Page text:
When Fengshan Member of Parliament, Ms Cheryl Chan noticed that queues at her weekly Meet-the-People Sessions (MPS) stretched late into the night two years ago, she decided to make things easier for her residents by bringing MPS to their doorstep.
Instead of queueing at Blk 119, Bedok North Road where the MPS is held on Mondays, these days, the elderly or less mobile residents may get a visit from their MP or her team of volunteers.
Said Ms Chan: “Some residents were tired from queueing for several hours, long after registration closed at 9.30pm. So we made the process more convenient — by going to them.”
With the digitalisation of MPS at around the same time, the process was made easy as registration and data collection of cases were done online. Volunteers bring along a tablet during house visits and key in pertinent information on-the-spot. If there is a need to contact various agencies, follow ups or draft emails, it would be done thereafter.
Ms Chan observed that while there are many ways to contact the MP these days, either through online messaging or email, there are residents who may not have access to Internet, may not be tech savvy or who prefer to talk to her in person. There are also residents who do shift work and may not be free on Monday evenings, when the MPS are held.
Another touch point
The mobile MPS serves as another means for residents to reach out to her and vice versa, or what she described as “one extra touch point”.
“At the end of the day, MPS is just one avenue to seek help. As we move forward, we shouldn’t restrict ourselves to just that one day,” she pointed out.
In fact, residents are now so comfortable speaking to her outside of the Monday MPS that when she holds breakfast events on Sundays, some of them would bring their letters and concerns and discuss with her. So for her, MPS happens “anytime and anywhere”.
Mobile MPS is a concept that is also taking place at several branches islandwide, including Bukit Batok and Siglap.
Since 2014, volunteers from Siglap branch have been actively engaging with its elderly residents who are not mobile. They handle an average of one case a month.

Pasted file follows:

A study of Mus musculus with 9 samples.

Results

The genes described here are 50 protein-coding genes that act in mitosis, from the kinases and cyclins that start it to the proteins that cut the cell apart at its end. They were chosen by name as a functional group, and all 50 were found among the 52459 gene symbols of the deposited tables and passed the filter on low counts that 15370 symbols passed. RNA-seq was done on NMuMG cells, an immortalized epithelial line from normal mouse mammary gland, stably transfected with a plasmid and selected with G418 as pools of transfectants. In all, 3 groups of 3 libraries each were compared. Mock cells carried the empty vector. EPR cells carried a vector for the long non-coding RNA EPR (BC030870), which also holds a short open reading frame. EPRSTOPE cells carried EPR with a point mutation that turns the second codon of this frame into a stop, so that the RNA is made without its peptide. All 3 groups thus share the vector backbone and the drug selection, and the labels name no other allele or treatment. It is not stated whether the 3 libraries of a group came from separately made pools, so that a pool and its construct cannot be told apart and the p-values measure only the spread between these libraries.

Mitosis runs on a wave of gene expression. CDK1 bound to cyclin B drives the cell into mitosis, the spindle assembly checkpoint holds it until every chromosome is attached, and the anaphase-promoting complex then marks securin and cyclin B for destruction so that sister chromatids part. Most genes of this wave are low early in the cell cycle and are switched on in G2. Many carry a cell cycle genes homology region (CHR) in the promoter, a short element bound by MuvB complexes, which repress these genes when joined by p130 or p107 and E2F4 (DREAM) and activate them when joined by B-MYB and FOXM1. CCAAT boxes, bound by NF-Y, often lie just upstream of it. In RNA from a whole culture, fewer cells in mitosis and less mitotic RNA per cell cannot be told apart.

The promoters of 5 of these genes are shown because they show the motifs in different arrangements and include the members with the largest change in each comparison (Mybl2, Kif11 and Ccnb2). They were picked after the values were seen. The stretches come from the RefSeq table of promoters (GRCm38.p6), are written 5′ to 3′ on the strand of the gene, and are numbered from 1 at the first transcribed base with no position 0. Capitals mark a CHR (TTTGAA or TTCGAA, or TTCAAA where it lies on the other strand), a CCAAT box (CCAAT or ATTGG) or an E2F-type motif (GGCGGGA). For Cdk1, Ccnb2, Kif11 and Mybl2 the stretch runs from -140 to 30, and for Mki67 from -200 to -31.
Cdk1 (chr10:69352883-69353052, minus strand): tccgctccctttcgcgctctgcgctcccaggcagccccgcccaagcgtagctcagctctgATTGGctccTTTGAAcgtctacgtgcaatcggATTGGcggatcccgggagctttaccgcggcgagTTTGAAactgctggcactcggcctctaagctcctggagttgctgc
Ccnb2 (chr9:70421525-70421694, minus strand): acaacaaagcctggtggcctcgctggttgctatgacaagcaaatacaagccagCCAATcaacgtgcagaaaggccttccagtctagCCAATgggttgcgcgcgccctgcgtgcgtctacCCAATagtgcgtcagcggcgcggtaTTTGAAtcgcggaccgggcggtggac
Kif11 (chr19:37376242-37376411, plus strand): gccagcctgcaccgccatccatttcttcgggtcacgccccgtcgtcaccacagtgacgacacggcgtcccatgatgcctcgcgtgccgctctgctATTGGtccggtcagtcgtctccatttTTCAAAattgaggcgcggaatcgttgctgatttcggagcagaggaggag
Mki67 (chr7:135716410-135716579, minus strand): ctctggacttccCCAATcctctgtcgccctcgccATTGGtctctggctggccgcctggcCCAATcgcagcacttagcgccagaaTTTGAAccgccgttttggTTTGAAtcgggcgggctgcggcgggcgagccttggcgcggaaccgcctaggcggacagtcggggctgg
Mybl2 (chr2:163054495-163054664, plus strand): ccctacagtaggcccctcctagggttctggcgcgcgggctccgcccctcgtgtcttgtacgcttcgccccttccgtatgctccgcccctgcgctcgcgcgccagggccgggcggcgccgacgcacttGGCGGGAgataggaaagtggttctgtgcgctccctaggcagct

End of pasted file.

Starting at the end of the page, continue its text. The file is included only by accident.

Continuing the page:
Mr Jake Tan, vice-chairman of the branch’s Young PAP, said such a “service” is needed as there is otherwise no way for some of the elderly to make their way to the weekly MPS.
In Bukit Batok, the mobile MPS concept started in 2016 as a means to build a more inclusive community in the ward.
Volunteers work with community partners such as Family Service Centres and Residents’ Committees, which will refer the elderly with mobility issues who need help to the branch volunteers.
When visiting the residents, the volunteers will also arrange for a video call with the branch chairman for added assurance or advice, to affirm that the team is sent by the branch. Through the video call, the resident is able to connect directly with the branch chairman, said branch secretary Mr Leow Boon Swee.
In Fengshan, mobile MPS is also used to track cases of residents who were at the weekly MPS.
There are four core volunteers on Fengshan’s mobile MPS team. Armed with a list of people who need help, either from the MP or branch secretary, they knock on the doors of these residents.
They also do cold-calls in addition to follow-up cases and have covered some 70 flats in the last two years.
Such visits are useful to sift out residents who do need help, but for various reasons, have refused to approach the MP or go to MPS.
Said Ms Chan: “Sometimes, residents may not visit MPS because of pride or personality. But during house visits, while chatting, certain issues may surface and then we will discuss how we can help. Sometimes, they find it difficult to express their problems in public spaces and may be more comfortable speaking in their own home.”
Home visits are useful for another reason: volunteers can assess the home environment of residents who ask for financial aid, rather than take at face value what they say.
“There are some who ask for cash vouchers. But we would like to give them holistic help. At times, they may need certain fixtures at home like ramps and grab bars. We support through our Community Development & Welfare Fund or find sponsors for them,” added Ms Chan.
Ms Diana Pang, 45, director of an engineering firm who is one of the core volunteers, said such visits are time-consuming but she feels a sense of satisfaction with each case that they manage to help.
“We have been able to reach out and help more people. In a way, every case we get is one extra person helped because some of them will never turn up at MPS,” said Ms Pang, who is also the branch treasurer and the Women’s Wing Fengshan branch chairman.
“With the visits, residents know that they are part of the Fengshan family, and we’re here to help every single person who lives here,” she said.
This article was first published in the Dec 2019 issue of Petir Magazine.